Venison collective considered for marketing purposes
The deer industry wants to break its reliance on traditional markets, lift productivity and profits and extend its selling period into Europe.
Five major venison marketing groups are considering a collective agreement to explore new markets and establish a formal marketing entity.
New Zealand Deer Farmers Association chairman Chris Orange said they are also working with the Government to break into China and Asia through trade agreements, the aim being to to create competition with their European markets even if China does not want their prime cuts. The problem is that China has yet to give official registration to New Zealand venison plants as suitable suppliers.
There are opportunities to sell into Mainland China, Deer Industry New Zealand's venison marketing manager Innes Moffat said, "although exporters will need to identify appropriate cuts and treat each district as a separate market".
At the moment Alliance Group Timaru's $50 million deer slaughter plant, opened 18 months ago, is processing 210 animals a shift and working to capacity.
Mr Orange says the plant is an asset to Canterbury and believed several suppliers outside of the catchment are supplying it because it suited them more to do so. The attraction is a short turnaround from when deer arrive to when they are slaughtered. He couldn't think of any other plants that would be processing more than Timaru.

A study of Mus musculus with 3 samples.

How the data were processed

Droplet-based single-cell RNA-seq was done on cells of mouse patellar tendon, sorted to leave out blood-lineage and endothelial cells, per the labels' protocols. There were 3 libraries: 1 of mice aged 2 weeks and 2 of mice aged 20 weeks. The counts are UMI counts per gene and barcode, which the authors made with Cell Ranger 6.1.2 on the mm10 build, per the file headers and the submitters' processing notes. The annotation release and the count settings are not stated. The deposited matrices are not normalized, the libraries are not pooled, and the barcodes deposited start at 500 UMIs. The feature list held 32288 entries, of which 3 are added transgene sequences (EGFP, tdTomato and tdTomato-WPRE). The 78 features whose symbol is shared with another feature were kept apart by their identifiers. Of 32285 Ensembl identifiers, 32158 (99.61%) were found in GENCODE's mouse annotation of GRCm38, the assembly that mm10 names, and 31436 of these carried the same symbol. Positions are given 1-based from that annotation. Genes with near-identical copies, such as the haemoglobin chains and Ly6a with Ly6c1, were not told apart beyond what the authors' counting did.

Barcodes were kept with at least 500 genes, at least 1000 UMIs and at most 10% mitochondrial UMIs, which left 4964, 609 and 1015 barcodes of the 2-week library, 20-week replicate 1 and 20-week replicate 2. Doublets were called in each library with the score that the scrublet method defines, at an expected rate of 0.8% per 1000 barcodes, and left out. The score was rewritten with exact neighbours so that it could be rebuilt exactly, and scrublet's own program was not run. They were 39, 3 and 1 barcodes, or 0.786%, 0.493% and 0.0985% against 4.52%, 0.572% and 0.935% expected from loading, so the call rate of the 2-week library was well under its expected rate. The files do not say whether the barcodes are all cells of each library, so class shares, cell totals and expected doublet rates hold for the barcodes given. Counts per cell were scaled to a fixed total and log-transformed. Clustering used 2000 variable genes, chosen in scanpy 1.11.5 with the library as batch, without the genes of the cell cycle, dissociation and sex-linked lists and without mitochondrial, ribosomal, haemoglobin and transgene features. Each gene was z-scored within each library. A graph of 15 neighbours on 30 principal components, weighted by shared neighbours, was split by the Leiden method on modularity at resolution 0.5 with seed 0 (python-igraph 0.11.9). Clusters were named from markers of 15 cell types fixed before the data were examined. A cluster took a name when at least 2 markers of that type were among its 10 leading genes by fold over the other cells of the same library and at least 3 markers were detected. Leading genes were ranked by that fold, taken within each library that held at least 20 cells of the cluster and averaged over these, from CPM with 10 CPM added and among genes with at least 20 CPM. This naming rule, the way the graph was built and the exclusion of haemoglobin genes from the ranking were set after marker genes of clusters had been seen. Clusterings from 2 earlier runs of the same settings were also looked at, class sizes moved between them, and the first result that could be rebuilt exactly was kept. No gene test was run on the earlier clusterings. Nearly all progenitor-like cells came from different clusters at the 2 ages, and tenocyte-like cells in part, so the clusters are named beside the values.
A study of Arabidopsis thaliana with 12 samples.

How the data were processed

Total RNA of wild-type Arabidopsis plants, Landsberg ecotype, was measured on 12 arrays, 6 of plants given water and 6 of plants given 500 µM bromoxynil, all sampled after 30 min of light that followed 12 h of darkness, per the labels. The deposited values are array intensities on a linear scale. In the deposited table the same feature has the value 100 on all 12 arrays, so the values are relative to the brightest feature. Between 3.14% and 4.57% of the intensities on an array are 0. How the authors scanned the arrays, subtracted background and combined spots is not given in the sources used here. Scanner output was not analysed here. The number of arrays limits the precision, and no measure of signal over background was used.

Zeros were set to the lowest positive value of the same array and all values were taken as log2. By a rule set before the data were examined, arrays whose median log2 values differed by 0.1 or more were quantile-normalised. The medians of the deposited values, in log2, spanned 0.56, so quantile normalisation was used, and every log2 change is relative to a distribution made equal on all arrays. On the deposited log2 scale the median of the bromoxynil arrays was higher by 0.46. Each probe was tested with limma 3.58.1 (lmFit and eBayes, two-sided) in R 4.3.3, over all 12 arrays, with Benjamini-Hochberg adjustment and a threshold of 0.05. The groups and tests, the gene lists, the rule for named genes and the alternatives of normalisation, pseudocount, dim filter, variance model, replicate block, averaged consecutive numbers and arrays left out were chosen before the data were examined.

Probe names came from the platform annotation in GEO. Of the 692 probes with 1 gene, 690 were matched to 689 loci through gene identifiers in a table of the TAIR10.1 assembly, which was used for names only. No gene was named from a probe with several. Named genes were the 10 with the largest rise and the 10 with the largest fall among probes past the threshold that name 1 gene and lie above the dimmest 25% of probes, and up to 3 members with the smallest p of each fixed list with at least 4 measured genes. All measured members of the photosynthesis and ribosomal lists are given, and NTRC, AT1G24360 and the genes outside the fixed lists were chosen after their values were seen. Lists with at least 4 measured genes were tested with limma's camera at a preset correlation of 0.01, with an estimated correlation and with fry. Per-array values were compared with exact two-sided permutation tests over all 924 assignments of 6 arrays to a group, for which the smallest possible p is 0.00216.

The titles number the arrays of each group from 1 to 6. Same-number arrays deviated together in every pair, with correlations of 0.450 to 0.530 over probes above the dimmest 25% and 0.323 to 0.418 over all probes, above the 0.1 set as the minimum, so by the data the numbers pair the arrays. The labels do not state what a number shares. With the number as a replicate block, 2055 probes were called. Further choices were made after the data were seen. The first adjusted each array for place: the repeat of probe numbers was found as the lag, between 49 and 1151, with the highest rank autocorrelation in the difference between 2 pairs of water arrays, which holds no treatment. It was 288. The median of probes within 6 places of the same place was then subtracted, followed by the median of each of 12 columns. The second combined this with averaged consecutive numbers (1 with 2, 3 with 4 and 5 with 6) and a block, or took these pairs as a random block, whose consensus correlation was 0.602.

The bulk of venison processed there is exported to Europe diced, or is broken into seamed muscle groups for use in goulash, a rustic stew, or other traditional dishes. New Zealand marketers continue to promote export venison as farmed and superior to European venison.
The deer industry's latest slogan that promotes "Passion to Profit" aims to get producers to lift output through bigger carcasses and earlier fawning.
Two groups established in South Canterbury three months ago are part of farmer-driven initiatives to develop on- farm projects that will increase productivity and profit on farm.
Deer Industry New Zealand assists with funding and provides support to the groups, Mr Moffat said. "There is potential for great gains and methodology in the approach to planned development."
Topics covered could include growth rates for orphaned young deer, implementing animal health plans around conception, feeding regimes, genetics and overall farm systems. Outcomes from the projects will be shared among deer farmers.
These groups are not replacing Focus Farms
While Prices for New Zealand venison have eased in the past 12 months because there is a plentiful supply of wild venison in Europe, they are still on par with historical figures, Mr Moffat said.
Export figures are stable at around 15,000 tonnes and last season 1,800 tonne went to America, the largest amount ever.
Although venison exports are subject to the New Zealand dollar, Mr Moffat said the markets had recovered from the recession and many restaurants that de- listed New Zealand venison during that period, had signalled renewed interest.